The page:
From Il. 12. 127 foll., where two Lapithae, Polypoetes and Leonteus, keep the gate of the Greek rampart. Macrob. Sat. 6. 2 says that it is modelled on a scene during the Histrian war in Enn. Ann. 15. Pandarus has the same name as the Homeric hero. ‘Bitias’ 1. 738 seems to be a Carthaginian.
 ἕστασαν ὡς ὅτε τε δρύες οὔρεσιν ὑψικάρηνοι Il. 12. 132, where however the comParison rather regards firmness than height, as the context shows. Bryant plausibly conj. “in montibus:” but Virg. doubtless wished to vary the expression, remembering the comParison of Polyphemus and the queen of the Laestrygons to mountain-peaks Od. 9. 191., 10. 113. He also thought of Il. 5. 560 ἐλάτῃσιν ἐοικότες ὑψηλῇσιν. It matters little whether ‘patriis’ goes with ‘abietibus’ or with ‘montibus.’ Pal., Gud., and another of Ribbeck's cursives have ‘patriis iuvenes.’
 Serv. gives a choice of interpretations of ‘commissa,’ “credita” and “clausa,” preferring the latter, a fancy in which modern commentators have not followed him. ‘Ducis’ is doubtless Aeneas. We may suppose that they had the general charge of the gate, others acting as sentries under them, vv. 176, 221.
 Armis emphatic: trusting not to defences, but to the arms in their hands; so that we need not be tempted by Peerlkamp's ‘animis.’ Possibly however it may mean the arms of their comrades: comp. Il. 12. 153, λαοῖσιν καθύπερθε πεποιθότες ἠδὲ βίῃφιν: but this is less likely. A third view is conceivable, that it may come from “armus:” comp. 4. 11., 11. 641, 644. ‘Moenibus’ apparently = “in moenia,” so that it is not parallel to “solio invitat” 8. 178.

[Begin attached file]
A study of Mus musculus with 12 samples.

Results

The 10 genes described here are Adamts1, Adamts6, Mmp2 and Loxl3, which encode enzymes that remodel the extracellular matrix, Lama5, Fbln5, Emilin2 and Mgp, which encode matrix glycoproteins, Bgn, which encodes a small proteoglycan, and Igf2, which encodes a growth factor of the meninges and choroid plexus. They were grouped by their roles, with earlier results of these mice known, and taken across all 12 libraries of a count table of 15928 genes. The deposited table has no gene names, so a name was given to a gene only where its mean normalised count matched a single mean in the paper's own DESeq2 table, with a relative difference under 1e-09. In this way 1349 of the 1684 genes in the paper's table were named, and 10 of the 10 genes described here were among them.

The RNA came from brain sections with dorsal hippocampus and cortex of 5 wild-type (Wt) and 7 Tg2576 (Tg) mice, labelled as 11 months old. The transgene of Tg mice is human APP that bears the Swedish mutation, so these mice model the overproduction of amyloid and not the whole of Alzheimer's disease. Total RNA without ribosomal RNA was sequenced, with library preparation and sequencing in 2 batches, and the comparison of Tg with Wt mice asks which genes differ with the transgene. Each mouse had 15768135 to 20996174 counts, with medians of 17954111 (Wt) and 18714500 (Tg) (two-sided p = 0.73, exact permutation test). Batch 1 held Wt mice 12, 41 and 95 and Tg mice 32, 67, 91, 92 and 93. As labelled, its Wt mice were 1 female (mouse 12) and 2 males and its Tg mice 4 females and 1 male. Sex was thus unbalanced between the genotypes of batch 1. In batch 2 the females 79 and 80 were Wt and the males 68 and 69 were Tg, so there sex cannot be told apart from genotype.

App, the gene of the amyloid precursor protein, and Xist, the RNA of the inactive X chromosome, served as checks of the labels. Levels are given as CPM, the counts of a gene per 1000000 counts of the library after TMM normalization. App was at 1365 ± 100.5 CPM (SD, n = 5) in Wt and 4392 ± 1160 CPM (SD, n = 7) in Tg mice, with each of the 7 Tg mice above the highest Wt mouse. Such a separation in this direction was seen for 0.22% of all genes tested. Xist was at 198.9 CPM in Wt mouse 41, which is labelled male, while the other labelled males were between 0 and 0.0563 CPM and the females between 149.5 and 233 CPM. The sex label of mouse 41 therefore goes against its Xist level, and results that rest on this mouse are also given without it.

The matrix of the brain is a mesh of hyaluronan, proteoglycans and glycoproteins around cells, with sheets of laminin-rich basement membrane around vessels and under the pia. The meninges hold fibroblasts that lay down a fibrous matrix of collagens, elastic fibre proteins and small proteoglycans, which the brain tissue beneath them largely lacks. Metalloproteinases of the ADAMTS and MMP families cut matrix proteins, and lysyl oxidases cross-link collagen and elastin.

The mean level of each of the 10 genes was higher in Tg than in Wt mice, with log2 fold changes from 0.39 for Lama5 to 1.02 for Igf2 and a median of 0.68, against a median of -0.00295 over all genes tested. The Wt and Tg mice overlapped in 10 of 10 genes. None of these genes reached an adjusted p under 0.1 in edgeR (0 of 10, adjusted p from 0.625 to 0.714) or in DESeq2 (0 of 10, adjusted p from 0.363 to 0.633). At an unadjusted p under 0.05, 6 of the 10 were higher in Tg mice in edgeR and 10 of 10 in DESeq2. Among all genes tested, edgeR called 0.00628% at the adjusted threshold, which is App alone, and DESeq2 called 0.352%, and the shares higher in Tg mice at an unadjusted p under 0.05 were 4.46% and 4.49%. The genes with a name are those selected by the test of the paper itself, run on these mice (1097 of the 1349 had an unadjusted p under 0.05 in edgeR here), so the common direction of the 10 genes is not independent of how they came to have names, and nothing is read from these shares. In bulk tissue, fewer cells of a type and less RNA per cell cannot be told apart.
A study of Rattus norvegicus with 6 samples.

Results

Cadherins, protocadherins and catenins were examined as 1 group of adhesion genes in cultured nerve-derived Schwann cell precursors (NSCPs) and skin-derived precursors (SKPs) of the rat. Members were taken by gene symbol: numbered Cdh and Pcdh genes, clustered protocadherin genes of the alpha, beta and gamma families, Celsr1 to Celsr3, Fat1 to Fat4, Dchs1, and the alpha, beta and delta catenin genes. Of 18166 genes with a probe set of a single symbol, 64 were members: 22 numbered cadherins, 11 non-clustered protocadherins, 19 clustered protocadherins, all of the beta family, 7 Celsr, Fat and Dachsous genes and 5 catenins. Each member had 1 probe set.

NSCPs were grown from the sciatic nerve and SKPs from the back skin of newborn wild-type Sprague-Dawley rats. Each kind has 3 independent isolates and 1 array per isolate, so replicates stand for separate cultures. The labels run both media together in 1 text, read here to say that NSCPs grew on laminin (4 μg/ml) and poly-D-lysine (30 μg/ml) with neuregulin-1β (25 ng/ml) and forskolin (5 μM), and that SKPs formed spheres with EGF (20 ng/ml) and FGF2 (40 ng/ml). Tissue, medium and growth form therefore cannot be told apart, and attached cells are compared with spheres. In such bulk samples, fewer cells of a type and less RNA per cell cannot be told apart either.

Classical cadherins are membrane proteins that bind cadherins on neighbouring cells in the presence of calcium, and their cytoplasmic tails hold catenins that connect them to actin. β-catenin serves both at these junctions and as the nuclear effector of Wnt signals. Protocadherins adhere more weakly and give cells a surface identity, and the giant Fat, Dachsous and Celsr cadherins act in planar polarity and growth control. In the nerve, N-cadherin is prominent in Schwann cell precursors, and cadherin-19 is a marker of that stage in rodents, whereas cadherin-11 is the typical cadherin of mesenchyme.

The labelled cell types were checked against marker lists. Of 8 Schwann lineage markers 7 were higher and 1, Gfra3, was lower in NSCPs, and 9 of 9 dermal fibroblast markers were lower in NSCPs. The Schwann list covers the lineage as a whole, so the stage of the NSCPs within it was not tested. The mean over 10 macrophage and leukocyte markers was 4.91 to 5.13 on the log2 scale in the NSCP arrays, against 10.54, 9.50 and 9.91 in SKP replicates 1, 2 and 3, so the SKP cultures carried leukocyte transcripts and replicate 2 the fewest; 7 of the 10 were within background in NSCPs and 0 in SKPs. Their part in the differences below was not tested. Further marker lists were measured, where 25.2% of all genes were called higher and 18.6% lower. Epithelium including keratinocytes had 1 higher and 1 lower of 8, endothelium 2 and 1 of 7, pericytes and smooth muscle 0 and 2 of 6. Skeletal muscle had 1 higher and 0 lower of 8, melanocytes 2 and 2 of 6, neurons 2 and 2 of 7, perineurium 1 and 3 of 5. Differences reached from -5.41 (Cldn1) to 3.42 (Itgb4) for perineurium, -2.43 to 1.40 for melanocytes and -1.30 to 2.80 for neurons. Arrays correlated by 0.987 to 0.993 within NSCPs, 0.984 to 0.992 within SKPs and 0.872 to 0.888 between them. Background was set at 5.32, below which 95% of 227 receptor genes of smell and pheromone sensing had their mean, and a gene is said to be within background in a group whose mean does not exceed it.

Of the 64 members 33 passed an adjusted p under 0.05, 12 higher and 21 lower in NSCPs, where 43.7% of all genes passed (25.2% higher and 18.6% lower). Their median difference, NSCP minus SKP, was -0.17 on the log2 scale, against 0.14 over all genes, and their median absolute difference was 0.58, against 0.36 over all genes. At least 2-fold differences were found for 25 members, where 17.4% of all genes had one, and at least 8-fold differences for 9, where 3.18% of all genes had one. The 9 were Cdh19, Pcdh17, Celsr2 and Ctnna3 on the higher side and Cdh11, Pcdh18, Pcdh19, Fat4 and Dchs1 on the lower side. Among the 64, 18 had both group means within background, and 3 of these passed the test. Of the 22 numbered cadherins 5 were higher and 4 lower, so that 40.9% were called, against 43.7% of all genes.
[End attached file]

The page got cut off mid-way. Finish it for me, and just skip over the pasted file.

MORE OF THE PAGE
They stand on each side of the gate before the ramparts, making room for the Rutulians to enter, but ready to fall on them as soon as they are within. “Pro turribus,” above v. 575, in spite of which Heyne strangely understands it ἀντὶ πύργων, “tanquam binae turres,” after an alternative interpretation proposed by Serv.
 An expansion of the comParison of v. 674 into a formal simile. Comp. 3. 679 foll. Serv. has a variant ‘Liquetia,’ the name of a river of Cisalpine Gaul lowing into the Adriatic (also called “Limentia”); and this is found in one of Ribbeck's cursives, and in two others, including Gud., from a correction. ‘Liquetia’ might possibly have an adj. “Liquetius:” comp. “Lyaeus,” “Lenaeus,” “Sychaeus:” but the transition from the general to the specific, marked by ‘sive—seu,’ is more in Virg.'s manner (Heyne comp. 11. 68 foll.), though Serv. actually makes it a ground of objection to the common reading. For ‘liquentia’ see on 1. 432. “Liquuntur rupibus amnes” G. 2. 187.
 Ribbeck removes the period after ‘patentis,’ joining ‘continuo—totis’ with ‘inrumpunt,’ and reading in v. 686 ‘at versi.’ But the common reading perhaps better expresses the instantaneous repulse of the Rutulians. The two names here have an Italian look, while those in the next line more resemble what we should expect to see on the side of the Trojans; but all are evidently Rutulian. ‘Pulcher armis’ i. q. “pulchris armis:” comp. “gravis ictu” 5. 274.
 Glomerantur eodem, mass themselves on the same spot. Rom. has ‘in unum.’ ‘Eodem’ seems to be explained by ‘glomerantur,’ not, as Pier. gives it, “ad eandem portam quam Pandarus et Bitias recluserant.”
[691-716] ‘Turnus rushes to the scene and kills Bitias.’